Thursday, November 06, 2014

Hypotheses about Motivated Reasoning; Or, Why Most Debates Are Not About Truth

A psychiatrist blogging under the nomme de plume of 'Scott Alexander' has a fantastic recent blog post about the psychology of motivated reasoning, specifically as it applies to emotionally charged debates about politics, religion, and so forth.

His main thesis is that most such debates are not really about meaningfully answerable questions, but are instead competitions in which each side tries to associate its own position with key words that have positive emotional associations and the opposing position with key words that have negative emotional associationsThe purpose of such debates is not to prove that a given thesis is true or false, but rather to create pro or con attitudes in the audience toward a given cause or concept, through the strategic use of emotionally-laden verbal associations. In other words, the purpose of such debates is to secure loyalty to a cause, not to secure belief in a proposition.

From the blog post:
This sort of conflation between a cause and its supporters really only makes sense in the emotivist model of arguing. I mean, this shouldn’t even get dignified with the name ad hominem fallacy. Ad hominem fallacy is “McCain had sex with a goat, therefore whatever he says about taxes is invalid.” At least it’s still the same guy. This is something the philosophy textbooks can’t bring themselves to believe really exists, even as a fallacy.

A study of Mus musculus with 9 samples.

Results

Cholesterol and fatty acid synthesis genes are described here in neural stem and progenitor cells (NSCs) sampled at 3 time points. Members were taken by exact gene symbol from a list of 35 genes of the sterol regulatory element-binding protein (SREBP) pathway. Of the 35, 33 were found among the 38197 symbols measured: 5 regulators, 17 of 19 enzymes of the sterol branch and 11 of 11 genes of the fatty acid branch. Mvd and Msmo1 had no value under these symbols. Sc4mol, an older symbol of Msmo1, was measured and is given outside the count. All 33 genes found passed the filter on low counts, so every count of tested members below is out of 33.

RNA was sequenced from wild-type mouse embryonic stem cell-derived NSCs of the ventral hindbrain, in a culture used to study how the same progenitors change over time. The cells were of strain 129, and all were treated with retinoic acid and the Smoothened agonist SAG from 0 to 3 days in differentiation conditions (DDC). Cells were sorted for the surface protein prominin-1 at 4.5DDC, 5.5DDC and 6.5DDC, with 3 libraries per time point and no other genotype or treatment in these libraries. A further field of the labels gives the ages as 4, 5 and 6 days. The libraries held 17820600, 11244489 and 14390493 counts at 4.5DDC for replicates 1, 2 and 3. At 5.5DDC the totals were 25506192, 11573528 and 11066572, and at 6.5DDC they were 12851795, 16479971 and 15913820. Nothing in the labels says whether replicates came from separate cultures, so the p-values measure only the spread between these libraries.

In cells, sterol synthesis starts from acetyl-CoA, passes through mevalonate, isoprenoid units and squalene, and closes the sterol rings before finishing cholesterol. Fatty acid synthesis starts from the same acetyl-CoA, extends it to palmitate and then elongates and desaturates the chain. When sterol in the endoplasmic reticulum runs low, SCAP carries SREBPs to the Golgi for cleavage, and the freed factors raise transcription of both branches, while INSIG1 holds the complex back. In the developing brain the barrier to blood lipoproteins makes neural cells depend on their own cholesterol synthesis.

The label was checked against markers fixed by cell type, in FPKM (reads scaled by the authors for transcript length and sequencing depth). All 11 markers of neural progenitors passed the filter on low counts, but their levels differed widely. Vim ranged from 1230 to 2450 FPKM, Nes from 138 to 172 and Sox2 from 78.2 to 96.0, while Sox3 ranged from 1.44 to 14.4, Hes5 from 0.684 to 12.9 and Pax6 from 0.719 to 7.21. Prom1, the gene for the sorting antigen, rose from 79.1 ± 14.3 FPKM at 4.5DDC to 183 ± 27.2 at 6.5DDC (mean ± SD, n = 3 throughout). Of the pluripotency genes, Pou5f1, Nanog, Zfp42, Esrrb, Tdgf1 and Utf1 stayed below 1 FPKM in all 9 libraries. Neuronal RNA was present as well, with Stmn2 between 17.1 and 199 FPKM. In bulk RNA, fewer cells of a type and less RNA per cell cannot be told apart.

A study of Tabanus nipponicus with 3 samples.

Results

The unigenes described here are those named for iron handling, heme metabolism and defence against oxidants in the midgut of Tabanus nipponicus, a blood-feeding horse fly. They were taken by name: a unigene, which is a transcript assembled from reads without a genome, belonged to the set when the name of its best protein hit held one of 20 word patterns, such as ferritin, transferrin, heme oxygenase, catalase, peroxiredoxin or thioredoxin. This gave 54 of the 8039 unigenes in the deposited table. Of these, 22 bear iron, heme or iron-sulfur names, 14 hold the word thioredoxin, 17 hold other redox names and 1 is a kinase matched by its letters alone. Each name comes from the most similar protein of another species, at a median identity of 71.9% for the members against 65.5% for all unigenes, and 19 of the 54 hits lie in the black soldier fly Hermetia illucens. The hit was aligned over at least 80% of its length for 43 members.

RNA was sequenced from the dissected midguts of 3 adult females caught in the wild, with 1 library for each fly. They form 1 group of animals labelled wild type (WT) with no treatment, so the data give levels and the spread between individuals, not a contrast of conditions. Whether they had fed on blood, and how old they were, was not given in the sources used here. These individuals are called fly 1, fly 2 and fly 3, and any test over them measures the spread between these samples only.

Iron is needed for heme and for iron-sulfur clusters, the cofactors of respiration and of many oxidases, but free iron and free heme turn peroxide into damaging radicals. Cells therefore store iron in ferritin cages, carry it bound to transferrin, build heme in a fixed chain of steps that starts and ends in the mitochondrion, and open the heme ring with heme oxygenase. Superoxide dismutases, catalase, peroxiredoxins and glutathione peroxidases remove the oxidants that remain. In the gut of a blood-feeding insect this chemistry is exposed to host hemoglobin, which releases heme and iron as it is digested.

But if there’s a General Factor Of McCain, then anything bad remotely connected to the guy – goat sex, lying campaigners, whatever – reflects on everything else about him.
This is the same pattern we see in Israel and Palestine. How many times have you seen a news story like this one: “Israeli speaker hounded off college campus by pro-Palestinian partisans throwing fruit. Look at the intellectual bankruptcy of the pro-Palestinian cause!”  
It’s clearly intended as an argument for something other than just not throwing fruit at people. The causation seems to go something like “These particular partisans are violating the usual norms of civil discussion, therefore they are bad, therefore something associated with Palestine is bad, therefore your General Factor of Pro-Israeliness should become more strongly positive, therefore it’s okay for Israel to bomb Gaza.” Not usually said in those exact words, but the thread can be traced.